Egyptian political parties have blamed the authorities for a looming delay in a decisive parliamentary poll after a Cairo court on Sunday deemed parts of a law regulating elections unconstitutional.
Egypt's constitutional court ruled on Sunday that an article in the law outlining electoral districts violates the country's national charter, seemingly forcing a delay to the long-awaited vote that was scheduled to start on 22 March.
But critics appear to hold the government responsible for the hiccup, saying the authorities had turned a blind eye to fears they had expressed over the constitutionality of the legislation regulating the poll.
"The committee which drafted the law repeatedly ignored reservations expressed by the [Nour] Party and several others," Nader Bakkar, of the ultra-conservative Nour Party, told Ahram Online.
He added that an ensuing delay would hinder the democratic progress in Egypt, which has been without a legislature since June 2012 when a court dissolved an Islamist-dominated chamber shortly before toppled president Mohamed Morsi took office. El-Sisi has wielded legislative powers in the absence of parliament.
Observers had claimed the electoral district law along with another legislation that allows a sizeable quota for independent candidates failed to achieve a fair representation in parliament and allows Mubarak-era cronies and wealthy businessmen to regain influence.
Several opposition political parties had in recent weeks said they would boycott the polls in protest at the current political climate.
But the court on Sunday only ruled against the law defining voting districts, which, analysts say, might see some electoral districts added or merged in a process that might take months.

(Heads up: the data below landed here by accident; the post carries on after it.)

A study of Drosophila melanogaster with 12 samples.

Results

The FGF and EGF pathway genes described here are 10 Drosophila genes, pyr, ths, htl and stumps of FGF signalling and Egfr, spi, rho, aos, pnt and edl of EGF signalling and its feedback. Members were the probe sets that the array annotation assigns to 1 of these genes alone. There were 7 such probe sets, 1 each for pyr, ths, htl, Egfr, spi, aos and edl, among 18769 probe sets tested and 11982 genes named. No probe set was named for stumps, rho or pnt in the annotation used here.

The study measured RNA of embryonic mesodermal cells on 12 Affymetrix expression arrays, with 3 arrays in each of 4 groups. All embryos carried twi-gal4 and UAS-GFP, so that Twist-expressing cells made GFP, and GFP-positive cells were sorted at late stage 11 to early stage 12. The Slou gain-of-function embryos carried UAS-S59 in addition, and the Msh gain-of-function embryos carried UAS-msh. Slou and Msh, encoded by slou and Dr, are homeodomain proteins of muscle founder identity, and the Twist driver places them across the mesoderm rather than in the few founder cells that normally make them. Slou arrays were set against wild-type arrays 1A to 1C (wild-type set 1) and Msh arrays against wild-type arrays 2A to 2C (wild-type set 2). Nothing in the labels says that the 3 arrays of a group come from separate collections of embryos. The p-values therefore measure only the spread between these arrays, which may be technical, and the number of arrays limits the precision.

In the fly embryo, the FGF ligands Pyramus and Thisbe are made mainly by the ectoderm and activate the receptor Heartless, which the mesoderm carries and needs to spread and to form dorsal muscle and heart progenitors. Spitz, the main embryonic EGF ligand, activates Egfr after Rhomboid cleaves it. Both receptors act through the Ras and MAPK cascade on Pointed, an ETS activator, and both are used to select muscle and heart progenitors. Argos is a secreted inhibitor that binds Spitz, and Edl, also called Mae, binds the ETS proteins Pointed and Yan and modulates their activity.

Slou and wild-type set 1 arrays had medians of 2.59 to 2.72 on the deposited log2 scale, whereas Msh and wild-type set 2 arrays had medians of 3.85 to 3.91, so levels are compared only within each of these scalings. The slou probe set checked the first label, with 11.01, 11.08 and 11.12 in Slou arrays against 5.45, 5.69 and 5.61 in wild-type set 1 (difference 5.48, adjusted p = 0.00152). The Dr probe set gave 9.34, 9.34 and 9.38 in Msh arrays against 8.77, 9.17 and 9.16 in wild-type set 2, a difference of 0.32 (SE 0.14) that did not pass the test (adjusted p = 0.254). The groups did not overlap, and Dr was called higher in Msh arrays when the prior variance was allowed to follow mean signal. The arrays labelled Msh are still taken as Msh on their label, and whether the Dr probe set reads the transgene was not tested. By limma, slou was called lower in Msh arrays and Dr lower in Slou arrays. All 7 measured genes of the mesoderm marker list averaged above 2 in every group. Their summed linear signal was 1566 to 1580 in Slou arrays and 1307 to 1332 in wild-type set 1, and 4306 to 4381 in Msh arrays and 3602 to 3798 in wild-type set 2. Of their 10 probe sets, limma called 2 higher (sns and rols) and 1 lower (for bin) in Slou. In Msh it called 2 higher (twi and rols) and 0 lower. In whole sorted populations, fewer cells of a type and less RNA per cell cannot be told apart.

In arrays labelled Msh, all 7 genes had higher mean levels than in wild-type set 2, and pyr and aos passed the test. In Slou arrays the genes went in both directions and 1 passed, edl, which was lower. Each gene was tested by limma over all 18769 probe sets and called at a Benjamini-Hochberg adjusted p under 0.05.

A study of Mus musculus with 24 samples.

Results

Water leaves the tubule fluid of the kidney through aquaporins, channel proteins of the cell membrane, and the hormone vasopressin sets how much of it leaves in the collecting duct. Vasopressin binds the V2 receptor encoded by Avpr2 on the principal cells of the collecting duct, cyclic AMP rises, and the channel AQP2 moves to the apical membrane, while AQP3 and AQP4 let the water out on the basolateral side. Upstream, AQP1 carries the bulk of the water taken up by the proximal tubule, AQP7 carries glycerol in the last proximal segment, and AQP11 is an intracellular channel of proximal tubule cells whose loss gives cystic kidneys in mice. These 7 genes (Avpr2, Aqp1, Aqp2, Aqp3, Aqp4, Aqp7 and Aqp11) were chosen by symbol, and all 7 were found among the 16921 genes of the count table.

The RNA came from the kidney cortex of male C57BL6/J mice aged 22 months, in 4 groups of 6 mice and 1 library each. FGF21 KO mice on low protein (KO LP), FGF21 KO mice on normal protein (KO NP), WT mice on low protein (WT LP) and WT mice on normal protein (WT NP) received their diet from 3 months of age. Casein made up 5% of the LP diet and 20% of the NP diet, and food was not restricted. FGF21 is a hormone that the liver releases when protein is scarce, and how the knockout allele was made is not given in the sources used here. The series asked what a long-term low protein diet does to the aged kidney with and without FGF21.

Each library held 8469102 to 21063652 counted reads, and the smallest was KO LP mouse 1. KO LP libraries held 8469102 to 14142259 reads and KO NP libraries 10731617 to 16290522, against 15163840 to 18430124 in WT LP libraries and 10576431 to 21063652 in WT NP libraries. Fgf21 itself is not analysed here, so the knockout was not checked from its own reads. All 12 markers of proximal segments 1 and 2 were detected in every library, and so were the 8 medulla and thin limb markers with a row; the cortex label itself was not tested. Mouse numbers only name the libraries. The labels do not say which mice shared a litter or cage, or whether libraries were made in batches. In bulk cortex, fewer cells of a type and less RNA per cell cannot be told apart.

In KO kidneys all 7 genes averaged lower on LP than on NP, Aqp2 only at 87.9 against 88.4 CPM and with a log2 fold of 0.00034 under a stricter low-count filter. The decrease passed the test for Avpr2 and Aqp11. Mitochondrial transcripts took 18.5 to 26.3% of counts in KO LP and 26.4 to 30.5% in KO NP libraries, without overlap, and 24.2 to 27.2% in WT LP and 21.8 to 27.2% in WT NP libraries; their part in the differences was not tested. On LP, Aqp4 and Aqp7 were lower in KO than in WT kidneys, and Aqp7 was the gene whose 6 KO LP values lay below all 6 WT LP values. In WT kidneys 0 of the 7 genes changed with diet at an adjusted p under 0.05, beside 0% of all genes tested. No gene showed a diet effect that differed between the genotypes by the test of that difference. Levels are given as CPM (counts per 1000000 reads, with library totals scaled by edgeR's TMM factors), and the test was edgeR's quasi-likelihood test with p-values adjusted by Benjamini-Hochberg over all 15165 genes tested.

President Abdel Fattah El-Sisi has ordered that the law be amended within a month and the country's main election committee said it was working on a new timetable for the procedures.
"We are now back to square one, wasting 10 months of work since El-Sisi became president," Salah Hassaballah, deputy head of the liberal Conference Party, said, adding that Egypt's political landscape is now getting fuzzier as the fate of an assembly is again thrown in limbo.
Hassaballah urged a national dialogue on redrafting the law in question, so that the state could "put right its mistake" of unilaterally ratifying a flawed legislation.
Other critics appear skeptical of the government's desire to hold the elections, saying democracy seems to take a backseat against the backdrop of what authorities portray as its "war against terrorism."
"The frenzy in media outlets loyal to authorities about the fact that a parliament is not now a priority and the government's insistence to ratify laws widely viewed beforehand as unconstitutional shows an inclination by the state against holding the elections," said Farid Zahran, a leading member of the Egyptian Social Democratic Party.
Zahran claims that such a tendency by the state is highly buttressed by a public mood, casting calls for quick elections as time-wasting against the backdrop of the battle to shore up the economy and crush a militant insurgency based in the border Sinai region.
The elections are significant to authorities who seek to prove it is progressing on the right path to democracy to Western governments that condemned the ouster of Islamist president Mohamed Morsi and a crackdown on his supporters.
Some observers say this might be an urge for the government to speed up the procedures; otherwise, the odds are that the poll could take months to start.